World’s top emerging economies talk climate in Delhi

BASIC group of China, India, South Africa and Brazil gather to discuss negotiating position for UN’s 2015 climate deal

Indian environment minister Prakash Javadekar will host the BASIC meeting in Delhi (Pic: Globe International/Flickr)

Indian environment minister Prakash Javadekar will host the BASIC meeting in Delhi (Pic: Globe International/Flickr)

By Olga Dobrovidova

Environment ministers from four of the world’s leading emerging economies meet in Delhi on Thursday to discuss plans to address climate change.

The BASIC group, made up of India, China, Brazil and South Africa, usually meet two to three times a year in an effort to coordinate their negotiating strategy at UN climate meetings.

Together the four countries are responsible for around 35% of global greenhouse gas emissions, which cause climate change.

While the substance of the two-day gathering is not expected to stun seasoned observers of UN talks, Lavanja Rajamani from the Centre for Policy Studies in Delhi says it does hold symbolic value.

“They missed a meeting that was supposed to be convened a few months ago, so the fact that they have decided to have it is quite significant,” she told RTCC.

“The other thing I have noticed in the past few years is that BASIC are playing a more constructive role [at UN talks]. The very fact they are meeting and making an effort at ministerial level is quite important.”

Key topics up for discussion are likely to be how emission reductions can be ‘equitably’ shared between rich and poor countries, together with the criteria used to develop the nationally determined contributions (NDCs) for a proposed 2015 climate agreement.

Both these issues remain unclear, and have been the source for considerable disagreement between various parties at UN talks.

Emerging action

In the past 12 months the BASIC group has come under increased pressure to outline what levels of carbon cuts its members would consider.

Earlier this year the UK’s climate envoy Sir David King said India and Brazil were stalling international talks over their desire for developed and developing countries to be treated differently under a UN climate agreement.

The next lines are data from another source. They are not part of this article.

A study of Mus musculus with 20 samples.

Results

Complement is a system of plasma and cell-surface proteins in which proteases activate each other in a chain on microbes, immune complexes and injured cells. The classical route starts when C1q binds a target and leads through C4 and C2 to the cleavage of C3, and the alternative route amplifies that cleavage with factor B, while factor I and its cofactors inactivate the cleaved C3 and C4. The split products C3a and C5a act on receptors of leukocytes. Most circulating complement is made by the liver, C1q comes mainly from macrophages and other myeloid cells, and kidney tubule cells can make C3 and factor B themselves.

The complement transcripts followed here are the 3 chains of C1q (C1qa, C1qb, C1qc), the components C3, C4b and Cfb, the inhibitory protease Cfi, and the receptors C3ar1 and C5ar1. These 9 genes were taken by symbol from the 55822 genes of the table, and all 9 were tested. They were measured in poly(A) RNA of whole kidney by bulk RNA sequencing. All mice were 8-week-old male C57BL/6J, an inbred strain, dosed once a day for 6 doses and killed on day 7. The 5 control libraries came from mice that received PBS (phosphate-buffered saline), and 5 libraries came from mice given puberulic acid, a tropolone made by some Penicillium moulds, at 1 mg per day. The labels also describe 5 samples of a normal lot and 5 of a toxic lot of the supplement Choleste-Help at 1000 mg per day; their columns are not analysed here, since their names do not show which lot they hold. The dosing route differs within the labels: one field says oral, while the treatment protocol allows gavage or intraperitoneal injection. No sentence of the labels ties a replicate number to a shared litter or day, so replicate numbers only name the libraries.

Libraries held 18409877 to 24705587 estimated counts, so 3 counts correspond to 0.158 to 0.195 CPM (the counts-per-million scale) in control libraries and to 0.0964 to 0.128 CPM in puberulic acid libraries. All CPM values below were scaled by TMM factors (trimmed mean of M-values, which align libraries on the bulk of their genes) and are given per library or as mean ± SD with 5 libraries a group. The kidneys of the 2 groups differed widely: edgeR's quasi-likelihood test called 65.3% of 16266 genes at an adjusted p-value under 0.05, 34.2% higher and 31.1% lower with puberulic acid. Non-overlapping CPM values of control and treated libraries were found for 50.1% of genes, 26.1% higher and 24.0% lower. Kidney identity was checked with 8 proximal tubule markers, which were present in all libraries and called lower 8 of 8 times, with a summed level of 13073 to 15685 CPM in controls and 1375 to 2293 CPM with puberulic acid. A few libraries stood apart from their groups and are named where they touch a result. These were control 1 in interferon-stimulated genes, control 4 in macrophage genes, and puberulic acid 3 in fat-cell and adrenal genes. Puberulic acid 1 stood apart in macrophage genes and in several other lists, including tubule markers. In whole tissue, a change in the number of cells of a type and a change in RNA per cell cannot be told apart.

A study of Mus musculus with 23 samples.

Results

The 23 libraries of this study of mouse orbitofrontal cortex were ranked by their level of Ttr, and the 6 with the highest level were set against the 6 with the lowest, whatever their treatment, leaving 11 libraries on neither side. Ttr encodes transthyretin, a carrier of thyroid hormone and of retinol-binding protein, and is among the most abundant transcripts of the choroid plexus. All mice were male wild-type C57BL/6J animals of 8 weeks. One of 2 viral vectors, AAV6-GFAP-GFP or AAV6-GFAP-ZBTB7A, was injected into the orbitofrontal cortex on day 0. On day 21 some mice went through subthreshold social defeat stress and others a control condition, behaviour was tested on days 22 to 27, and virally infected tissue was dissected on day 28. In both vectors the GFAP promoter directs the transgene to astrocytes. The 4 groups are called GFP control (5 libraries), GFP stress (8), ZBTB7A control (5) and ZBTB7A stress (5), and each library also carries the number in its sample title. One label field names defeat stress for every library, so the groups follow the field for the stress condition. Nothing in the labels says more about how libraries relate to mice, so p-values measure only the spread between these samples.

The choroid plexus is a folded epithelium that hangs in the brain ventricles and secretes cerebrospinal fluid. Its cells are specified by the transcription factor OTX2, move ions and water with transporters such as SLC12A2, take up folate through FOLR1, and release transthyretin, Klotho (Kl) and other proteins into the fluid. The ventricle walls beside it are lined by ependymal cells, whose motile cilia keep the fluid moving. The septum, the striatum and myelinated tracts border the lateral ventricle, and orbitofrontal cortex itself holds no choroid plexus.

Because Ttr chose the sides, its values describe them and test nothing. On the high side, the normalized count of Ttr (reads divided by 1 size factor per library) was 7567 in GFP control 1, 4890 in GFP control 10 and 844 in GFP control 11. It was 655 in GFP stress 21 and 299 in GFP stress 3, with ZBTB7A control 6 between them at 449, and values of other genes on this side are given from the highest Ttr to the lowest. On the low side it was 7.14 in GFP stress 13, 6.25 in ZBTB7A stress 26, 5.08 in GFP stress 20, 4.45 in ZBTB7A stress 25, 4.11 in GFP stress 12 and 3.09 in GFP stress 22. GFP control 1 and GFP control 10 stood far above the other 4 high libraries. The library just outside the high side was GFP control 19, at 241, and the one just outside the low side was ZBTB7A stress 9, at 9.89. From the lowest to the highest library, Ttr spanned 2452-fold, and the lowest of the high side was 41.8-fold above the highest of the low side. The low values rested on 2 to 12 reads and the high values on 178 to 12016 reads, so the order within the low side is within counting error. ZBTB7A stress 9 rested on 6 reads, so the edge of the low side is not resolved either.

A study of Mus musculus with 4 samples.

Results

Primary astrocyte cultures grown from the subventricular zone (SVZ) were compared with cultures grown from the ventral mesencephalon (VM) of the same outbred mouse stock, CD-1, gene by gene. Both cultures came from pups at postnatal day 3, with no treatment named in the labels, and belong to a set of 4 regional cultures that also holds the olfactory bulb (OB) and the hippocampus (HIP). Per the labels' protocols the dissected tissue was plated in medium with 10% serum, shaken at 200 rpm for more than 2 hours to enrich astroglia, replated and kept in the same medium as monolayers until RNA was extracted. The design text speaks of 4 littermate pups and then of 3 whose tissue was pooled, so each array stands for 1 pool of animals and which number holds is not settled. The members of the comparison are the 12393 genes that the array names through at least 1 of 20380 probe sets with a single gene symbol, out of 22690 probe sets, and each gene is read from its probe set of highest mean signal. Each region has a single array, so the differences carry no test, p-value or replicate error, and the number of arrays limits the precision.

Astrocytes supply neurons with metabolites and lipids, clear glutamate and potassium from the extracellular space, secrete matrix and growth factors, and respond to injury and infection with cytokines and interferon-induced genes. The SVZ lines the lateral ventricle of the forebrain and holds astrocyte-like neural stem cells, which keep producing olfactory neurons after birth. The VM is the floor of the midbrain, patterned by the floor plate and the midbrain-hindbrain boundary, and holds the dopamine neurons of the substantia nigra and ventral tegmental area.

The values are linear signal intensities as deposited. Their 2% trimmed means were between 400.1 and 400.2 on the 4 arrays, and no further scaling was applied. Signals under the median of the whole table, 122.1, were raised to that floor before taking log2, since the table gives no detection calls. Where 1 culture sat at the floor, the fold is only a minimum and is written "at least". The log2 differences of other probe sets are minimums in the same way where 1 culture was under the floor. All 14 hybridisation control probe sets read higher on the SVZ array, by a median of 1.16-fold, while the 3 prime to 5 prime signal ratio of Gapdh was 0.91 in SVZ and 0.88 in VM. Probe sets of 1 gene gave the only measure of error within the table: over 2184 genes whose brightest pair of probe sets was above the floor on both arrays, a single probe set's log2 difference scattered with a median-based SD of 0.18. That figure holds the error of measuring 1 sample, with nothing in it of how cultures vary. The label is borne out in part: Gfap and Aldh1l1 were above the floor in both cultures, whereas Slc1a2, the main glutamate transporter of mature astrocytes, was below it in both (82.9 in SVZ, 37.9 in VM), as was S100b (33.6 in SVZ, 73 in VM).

Leading developed and emerging economies are expected to deliver their emission reduction numbers to the UN by March next year, although China has already indicated it may be late.

Heads of state are also expected to announce national climate plans at a specially convened September climate summit hosted by UN chief Ban Ki-moon, before official negotiations resume at a Lima conference in December,


Few details have emerged from the new government over its attitude towards a UN deal. According to Rajamani, that situation is unlikely to change imminently.

“Thanks to Kerry and Stern’s visit they have had to engage,” she said. “I think they are engaging on a more operational level and areas of surer ground, like HFCs, rather than peaking years and emission trajectories.”

Discussions over future climate targets could highlight significant gaps between the four countries in terms of their preparation ahead of 2015.


Last month China’s chief climate negotiator Xie Zhenhua said the country could announce a carbon cap early in 2015, although he did not specify implementation timelines or what it would be.

“Study and research are going on… in the first half of next year we are hoping we can announce China’s nationally determined contribution and in that, the capping year might be included,” he said.

But despite varying progress on developing domestic climate regulations, none of the four are likely to break ranks and unilaterally announce its contribution for the 2015 deal with consulting with the others.

“There are differences between them, but I think, as we saw in Warsaw, they are all on the same page in terms of certain geopolitical concerns,” said Rajamani.

“They want to be seen a certain way, and be positioned a certain way in the international community.”

The group will meet again ahead of the UN’s Lima climate summit, where a draft text for the 2015 agreement will be presented to delegates.